Monday, April 25, 2011

trademarks and grey clouds

I have been spending the evenings half watching television and looking through museum digital databases for Fuji-san images. This is a 1949 calender published by Fujisawa Pharmaceutical Company and is in the British Museum. The upward-looking composition with a solitary grey cloud in a large field of pink sky creates a striking image. This feeling is given an uncanny twist with the unusually placed heads of the two female "Americans" right along the base of the image, as though they were humpty-dumpty on the edge of a wall, or body-less phantoms.

I was wondering whether it had been mislabeled as a Fuji image till I enlarged the image and saw the companies logo.

The woodcut print is titled Ginza no tasogare-doki - Dusk in Ginza and is by the artist Onchi Koshiro. On the back there is printed a haunting melancohic text written by the artist, each line rich in poetic imagery.

A suit and one grey painting brush are sufficient. The neon of the PX is still like a dream. The new culture of Japan comes flashing from those sharp words. When one walks here, there comes a feeling that the days when we were struck to the ground are already from a distant world. Probably everybody would like quickly to wash away their hateful memories. The narrow pavements make our shoulders rub together. Through this congestion tall Americans stride. Already there is a sort of magnificence here, but the truth is that Japan is under Occupation. It is not necessary to wait for dusk. People have already lost sight of themselves.

There are 445 Onchi pieces in the Museum's collection, unfortunately most of it is not digitally archived but there are a few more Fuji pieces to save for a another post.

The store in the image is the Tokyo PX, the post office and stores for American servicemen, then located in the Wako Store in Ginza. Ginza was the fashionable going out district in post -war Tokyo

I don't know how I missed this detail before in the notes but the use of Mt Fuji in the logo above is a pun, as the character used for Fujisawa Pharmaceutical has nothing to do with the mountain. The writer of the object notes also comments that the Fugaku Publishing company, which published the calender and other works by Onchi and other post war print artists also uses Fuji in the logo- Unfortunately I couldn't find a scan on the interweb of their logo- only expensive rare books...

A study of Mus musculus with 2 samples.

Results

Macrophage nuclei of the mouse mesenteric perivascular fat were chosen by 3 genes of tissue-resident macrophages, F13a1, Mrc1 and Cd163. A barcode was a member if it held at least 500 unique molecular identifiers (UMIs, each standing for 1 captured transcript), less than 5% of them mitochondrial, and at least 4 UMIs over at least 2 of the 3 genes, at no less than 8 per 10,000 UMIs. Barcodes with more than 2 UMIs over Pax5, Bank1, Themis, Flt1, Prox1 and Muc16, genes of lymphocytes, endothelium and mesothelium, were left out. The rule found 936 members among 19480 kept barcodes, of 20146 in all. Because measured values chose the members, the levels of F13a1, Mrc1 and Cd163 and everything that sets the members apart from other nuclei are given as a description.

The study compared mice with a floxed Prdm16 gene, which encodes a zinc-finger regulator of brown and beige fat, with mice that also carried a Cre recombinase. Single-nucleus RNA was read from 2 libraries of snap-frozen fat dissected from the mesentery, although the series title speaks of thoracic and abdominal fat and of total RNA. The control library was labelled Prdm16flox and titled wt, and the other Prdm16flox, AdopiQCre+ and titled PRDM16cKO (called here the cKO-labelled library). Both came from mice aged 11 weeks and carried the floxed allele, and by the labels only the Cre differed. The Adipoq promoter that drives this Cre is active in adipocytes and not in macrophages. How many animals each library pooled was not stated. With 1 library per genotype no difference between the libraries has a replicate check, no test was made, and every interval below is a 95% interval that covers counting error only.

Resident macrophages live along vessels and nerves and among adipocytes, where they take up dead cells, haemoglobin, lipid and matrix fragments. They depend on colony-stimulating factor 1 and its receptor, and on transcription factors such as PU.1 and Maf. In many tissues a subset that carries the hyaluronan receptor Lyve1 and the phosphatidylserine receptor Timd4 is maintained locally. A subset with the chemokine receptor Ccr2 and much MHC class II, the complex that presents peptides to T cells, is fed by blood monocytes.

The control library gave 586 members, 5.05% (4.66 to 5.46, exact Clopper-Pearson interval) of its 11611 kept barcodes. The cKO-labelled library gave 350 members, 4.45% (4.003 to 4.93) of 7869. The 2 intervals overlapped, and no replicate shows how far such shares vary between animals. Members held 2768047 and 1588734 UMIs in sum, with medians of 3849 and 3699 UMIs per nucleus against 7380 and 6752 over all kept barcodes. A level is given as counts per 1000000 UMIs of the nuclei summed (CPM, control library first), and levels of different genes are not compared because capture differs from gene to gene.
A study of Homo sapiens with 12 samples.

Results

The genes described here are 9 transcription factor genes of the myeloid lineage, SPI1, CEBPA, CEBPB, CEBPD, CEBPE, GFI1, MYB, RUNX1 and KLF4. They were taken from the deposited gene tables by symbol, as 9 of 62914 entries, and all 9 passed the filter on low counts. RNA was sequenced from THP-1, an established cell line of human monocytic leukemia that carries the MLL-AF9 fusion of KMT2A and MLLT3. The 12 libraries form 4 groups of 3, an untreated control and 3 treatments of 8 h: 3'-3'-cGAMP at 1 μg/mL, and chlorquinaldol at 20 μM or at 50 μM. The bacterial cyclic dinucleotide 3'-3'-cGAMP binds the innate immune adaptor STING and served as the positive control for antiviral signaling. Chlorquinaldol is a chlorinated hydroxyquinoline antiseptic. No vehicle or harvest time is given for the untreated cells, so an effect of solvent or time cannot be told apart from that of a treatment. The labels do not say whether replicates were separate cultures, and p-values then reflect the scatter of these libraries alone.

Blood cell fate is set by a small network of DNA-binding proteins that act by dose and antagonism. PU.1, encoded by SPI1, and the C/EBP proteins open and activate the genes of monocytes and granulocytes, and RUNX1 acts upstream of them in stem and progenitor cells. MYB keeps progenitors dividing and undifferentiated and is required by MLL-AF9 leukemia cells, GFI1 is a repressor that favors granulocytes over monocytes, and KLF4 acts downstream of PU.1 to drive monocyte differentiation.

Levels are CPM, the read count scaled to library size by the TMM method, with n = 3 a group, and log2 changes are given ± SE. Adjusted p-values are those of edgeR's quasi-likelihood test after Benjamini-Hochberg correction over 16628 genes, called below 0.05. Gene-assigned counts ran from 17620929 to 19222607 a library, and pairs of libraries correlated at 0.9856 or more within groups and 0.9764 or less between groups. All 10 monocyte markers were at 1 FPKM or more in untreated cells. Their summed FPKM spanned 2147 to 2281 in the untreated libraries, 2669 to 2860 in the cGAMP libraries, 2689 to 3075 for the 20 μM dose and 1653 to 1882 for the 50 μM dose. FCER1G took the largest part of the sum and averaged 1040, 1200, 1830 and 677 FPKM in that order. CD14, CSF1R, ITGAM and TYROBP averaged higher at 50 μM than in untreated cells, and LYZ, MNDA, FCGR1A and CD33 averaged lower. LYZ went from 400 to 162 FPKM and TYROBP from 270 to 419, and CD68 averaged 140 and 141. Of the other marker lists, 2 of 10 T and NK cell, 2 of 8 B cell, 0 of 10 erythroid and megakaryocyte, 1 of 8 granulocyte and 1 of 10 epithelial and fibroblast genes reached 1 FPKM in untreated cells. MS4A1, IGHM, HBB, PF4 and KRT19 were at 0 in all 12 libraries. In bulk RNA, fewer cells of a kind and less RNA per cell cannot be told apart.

Update #2:
Lawrence Smith speculates that Onchi poetic text was for a Japanese audience as it was printed in Japanese only, which was unusual during the period of American occupation.


  1. Beautiful poetry. The piece lends itself to embroidery, like those patches you had made.

  2. nice idea- the museum had a few other pages from the calender all with quiet interesting inscriptions- no images scanned unfortunately. If you put "Fujisawa Pharmaceutical Company" in the search box on the research page they should come up.

    Many of the Onchi articles in the collection are illustrated books of poetry. I guess some where his own as the bio says he was also a poet. From the entry it looks as though this inscription was in English and is his own translation.

  3. A most interesting and original post - the image captures its zeitgeist perfectly. As your blog seems to be directing itself towards Mt Fuji, I'm taking the liberty of adding it to the Hyakumeizan blogroll....

  4. Thank you Project H!
    I will be re-vamping Tokyo Bird song soon and will be adding you there too.

  5. Correction to my above comment- Onchi spoke German as a second language and the quote above is in Japanese only on the calender. The object notes where a bit misleading.